LAHORE, Feb 23: The First Lahore Literature Festival kicked off on Saturday, to a great response. Despite persistent drizzle and nippy weather, the Lahoris turned up in droves to attend various sessions on different literary topics featuring eminent authors and journalists from all around the world.
A big percentage of the visitors comprised youngsters spoilt for choices by the programme but determined to attend as many sessions as they could. They appeared as keen to listen in person to the old masters as eager they were to have a face-to-face with the young generation of Pakistani fiction writers in English who were present in force at the festival.
British Pakistani writer, journalists and filmmaker Tariq Ali delivered the key-note address. The working of capitalism was a major theme running through his talk and he drew on example of China and South America to explain the complex world of today. Teaming up later on with Ayesha Jalal for a session, he narrowed down to discussing the modernity versus Pakistani realities debate.
In a morning session, Hameed Haroon of the Dawn Media Group gave a presentation titled: The Holy Warrior and the Enemy: Film, News Media and Music 1958 – 2008, showing the emergence of the holy warrior in Pakistani cinema.
He began with Munir Niazi’s anthem in the 1958 film ‘Shaheed’ and spoke of the 1970s, which carried the remnants of the progressive movement of the 1960s. There were bans, such as one on a bhajan by Noor Jehan, just as there were bold counter-replies like the one offered by Raza Mir’s ‘Laakhon Mein Ek’ (1967) which told the story of a Kashmiri Hindu girl falling in love with a Kashmiri Muslim boy. A clip from the movie showed an exchange between a Muslim man and a Hindu child, where the man tries to protect her from an angry mob, invoking Islam’s message of peace.
But the holy warrior, as we know today, properly emerged in the 1980s. Haroon said Jameel Dehalvi’s ‘The Blood of Hussain’ seemed like the last desperate attempt by liberals to fight against the state, preceded many years earlier by ventures such as ‘Zarqa’.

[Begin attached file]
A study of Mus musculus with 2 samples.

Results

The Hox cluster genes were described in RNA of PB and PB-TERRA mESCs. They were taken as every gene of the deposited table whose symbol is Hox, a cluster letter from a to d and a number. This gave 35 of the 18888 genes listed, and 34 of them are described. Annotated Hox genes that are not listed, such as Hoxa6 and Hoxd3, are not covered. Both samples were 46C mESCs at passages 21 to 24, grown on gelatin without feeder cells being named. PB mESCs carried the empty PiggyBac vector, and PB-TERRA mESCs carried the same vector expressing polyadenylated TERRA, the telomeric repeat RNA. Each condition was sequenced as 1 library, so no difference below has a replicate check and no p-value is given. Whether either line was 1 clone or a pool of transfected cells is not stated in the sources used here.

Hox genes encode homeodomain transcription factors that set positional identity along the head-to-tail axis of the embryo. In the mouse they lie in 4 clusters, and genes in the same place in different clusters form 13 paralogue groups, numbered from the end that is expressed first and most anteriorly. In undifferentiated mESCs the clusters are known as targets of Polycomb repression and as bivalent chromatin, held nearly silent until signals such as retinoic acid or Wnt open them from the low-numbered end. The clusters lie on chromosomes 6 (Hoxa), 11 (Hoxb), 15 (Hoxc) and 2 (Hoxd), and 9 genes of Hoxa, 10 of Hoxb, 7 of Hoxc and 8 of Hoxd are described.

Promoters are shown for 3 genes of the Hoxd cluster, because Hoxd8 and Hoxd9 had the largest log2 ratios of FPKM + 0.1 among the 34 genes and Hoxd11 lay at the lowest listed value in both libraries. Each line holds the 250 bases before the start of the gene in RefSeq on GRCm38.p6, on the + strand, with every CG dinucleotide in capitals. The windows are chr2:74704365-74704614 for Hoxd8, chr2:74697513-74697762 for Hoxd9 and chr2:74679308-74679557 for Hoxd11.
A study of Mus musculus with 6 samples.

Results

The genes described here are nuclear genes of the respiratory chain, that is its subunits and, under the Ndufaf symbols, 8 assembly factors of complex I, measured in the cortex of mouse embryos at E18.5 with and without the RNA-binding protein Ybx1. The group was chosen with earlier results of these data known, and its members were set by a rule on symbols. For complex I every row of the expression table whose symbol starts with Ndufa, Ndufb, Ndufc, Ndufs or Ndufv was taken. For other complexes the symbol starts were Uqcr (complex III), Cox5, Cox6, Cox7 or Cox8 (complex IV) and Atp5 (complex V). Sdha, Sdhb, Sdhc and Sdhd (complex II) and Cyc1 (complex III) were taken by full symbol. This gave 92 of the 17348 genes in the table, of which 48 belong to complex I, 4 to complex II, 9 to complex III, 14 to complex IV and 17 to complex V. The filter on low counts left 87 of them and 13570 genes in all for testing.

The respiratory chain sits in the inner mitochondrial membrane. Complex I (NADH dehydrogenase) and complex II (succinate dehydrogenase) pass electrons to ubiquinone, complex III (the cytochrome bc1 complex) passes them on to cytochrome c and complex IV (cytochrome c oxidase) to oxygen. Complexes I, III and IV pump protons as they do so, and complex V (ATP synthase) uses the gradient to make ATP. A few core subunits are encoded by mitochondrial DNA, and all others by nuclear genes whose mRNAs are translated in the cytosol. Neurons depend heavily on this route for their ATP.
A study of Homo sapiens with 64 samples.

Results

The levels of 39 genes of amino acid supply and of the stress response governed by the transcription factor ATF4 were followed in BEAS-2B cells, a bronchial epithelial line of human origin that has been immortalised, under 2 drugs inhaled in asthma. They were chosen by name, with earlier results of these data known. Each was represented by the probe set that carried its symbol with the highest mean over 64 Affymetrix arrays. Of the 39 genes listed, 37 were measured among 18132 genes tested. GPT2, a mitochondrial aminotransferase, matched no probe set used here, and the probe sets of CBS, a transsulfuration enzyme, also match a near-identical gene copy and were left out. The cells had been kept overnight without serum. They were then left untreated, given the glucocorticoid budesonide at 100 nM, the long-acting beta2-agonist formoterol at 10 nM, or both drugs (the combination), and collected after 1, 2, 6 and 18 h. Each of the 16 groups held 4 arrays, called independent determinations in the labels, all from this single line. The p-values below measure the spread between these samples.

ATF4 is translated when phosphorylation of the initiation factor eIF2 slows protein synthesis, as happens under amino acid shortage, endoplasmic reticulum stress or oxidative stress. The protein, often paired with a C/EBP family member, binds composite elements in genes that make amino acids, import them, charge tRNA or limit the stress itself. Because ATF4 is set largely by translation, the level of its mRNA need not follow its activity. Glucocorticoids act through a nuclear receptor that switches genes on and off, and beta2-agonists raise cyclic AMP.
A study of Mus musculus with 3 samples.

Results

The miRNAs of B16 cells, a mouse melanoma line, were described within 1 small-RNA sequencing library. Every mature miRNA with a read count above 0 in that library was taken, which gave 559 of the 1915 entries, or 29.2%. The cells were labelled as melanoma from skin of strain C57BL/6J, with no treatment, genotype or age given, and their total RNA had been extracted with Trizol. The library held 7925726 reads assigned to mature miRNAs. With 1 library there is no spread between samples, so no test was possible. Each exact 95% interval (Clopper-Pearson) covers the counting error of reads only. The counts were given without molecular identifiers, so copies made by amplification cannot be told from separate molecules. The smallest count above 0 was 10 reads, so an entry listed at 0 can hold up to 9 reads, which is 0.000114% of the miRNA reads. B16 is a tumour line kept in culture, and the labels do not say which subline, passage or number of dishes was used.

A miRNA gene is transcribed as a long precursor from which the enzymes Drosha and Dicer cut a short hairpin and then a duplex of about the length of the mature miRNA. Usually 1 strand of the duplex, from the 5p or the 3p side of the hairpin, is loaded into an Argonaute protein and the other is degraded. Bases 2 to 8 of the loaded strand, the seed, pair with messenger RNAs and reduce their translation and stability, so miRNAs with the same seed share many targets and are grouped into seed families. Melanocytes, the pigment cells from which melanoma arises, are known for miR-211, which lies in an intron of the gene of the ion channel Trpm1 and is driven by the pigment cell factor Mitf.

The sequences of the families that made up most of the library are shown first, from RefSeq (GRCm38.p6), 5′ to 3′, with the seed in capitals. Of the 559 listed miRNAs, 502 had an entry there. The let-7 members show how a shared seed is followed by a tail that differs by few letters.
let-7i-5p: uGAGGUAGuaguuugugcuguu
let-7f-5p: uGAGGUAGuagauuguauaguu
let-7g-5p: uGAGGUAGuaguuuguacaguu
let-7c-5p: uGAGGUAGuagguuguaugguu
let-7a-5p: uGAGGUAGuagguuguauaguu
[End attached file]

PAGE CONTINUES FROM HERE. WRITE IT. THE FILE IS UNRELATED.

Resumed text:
By 1990, the stage was set for Sajjad Gul’s ‘International Gorillay’—a film pegged on the Salman Rushdie affair.
In 2007, Jamil Dehalvi’s film ‘Infinite Justice’ screened at Kara Film Festival, showed the holy warrior in a much more nuanced form. But the exercise in enlightened moderation actually took place in cinema after the Lal Mosque operation under Musharraf. During this time, ‘Jinnah’ and ‘Khuda Ke Liye’ were released, supported by the regime as a counter to the now very established warrior.
One session at the festival was dedicated to satire. It featured Mohammed Hanif, Moni Mohsin, Shazaf Haider and Shehan Karunatilaka as panelists, and was moderated by William Dalrymple.
“I do consider myself a satirist,” said Moni. “Because the objective is to first make you laugh and then make you think. There are certain subjects you can’t say straight.”
She said the narrator in her famous column ‘The Diary of a Social Butterfly’ was an airhead, but nonetheless a witness to her times. She only thought of herself, which was a common strategy in Pakistan. “No social butterfly actually reads my columns, but people come up to me and say I know who this story is about! So they actually miss the point.”
Shehan Karunatilaka from Sri Lanka, where journalists can be locked up for writing controversial non-fiction, claimed his novel ‘Chinaman’, was not satire. “It’s an intensely serious novel, told by a drunk.”
Mohammed Hanif described himself as living in a kind of post-satirical society. “I think of myself as a slightly hung-over person,” he said. “I just wanted to write a murder mystery with dirty jokes.” He said Pakistani society had moved beyond satire: many readers actually thought ‘A Case of Exploding Mangoes’ was all true.
Hanif quoted an incident where an army official took him to a corner and said, “My dear son, you’ve written a brilliant book…now tell me your sources.” “You can make up any kind of rubbish in this country and people will believe it,” Hanif said dryly.
Moni added that writing satire illustrates how ridiculous things were forcing your attention in a specific direction and Shehan said it was entertaining and a useful way to speak out under oppressive rules by stretching the truth.
“I’ve been coming like a pilgrim to Lahore since years,” said Pran Neville, taking part in the session, ‘Lahore in Literature’. “I came (here) in 1997 after 50 years because I did not want to disturb my images of childhood. In 1992, my book on Lahore came out. Lahore is beyond any definition. It can only be experienced. It’s an internal city. I have been everywhere, but Lahore is Lahore. I’ve been thrilled to participate in the festival. Lahore has been with me ever since I was born and I carried it in my heart everywhere I went.”
Another old Lahorite Bapsi Sidhwa remembered it as not being a violent city at all, as it may have become today. “It’s a city where we indulge in our appetites. From Heera Mandi to eating joints…no other city has more eating places.”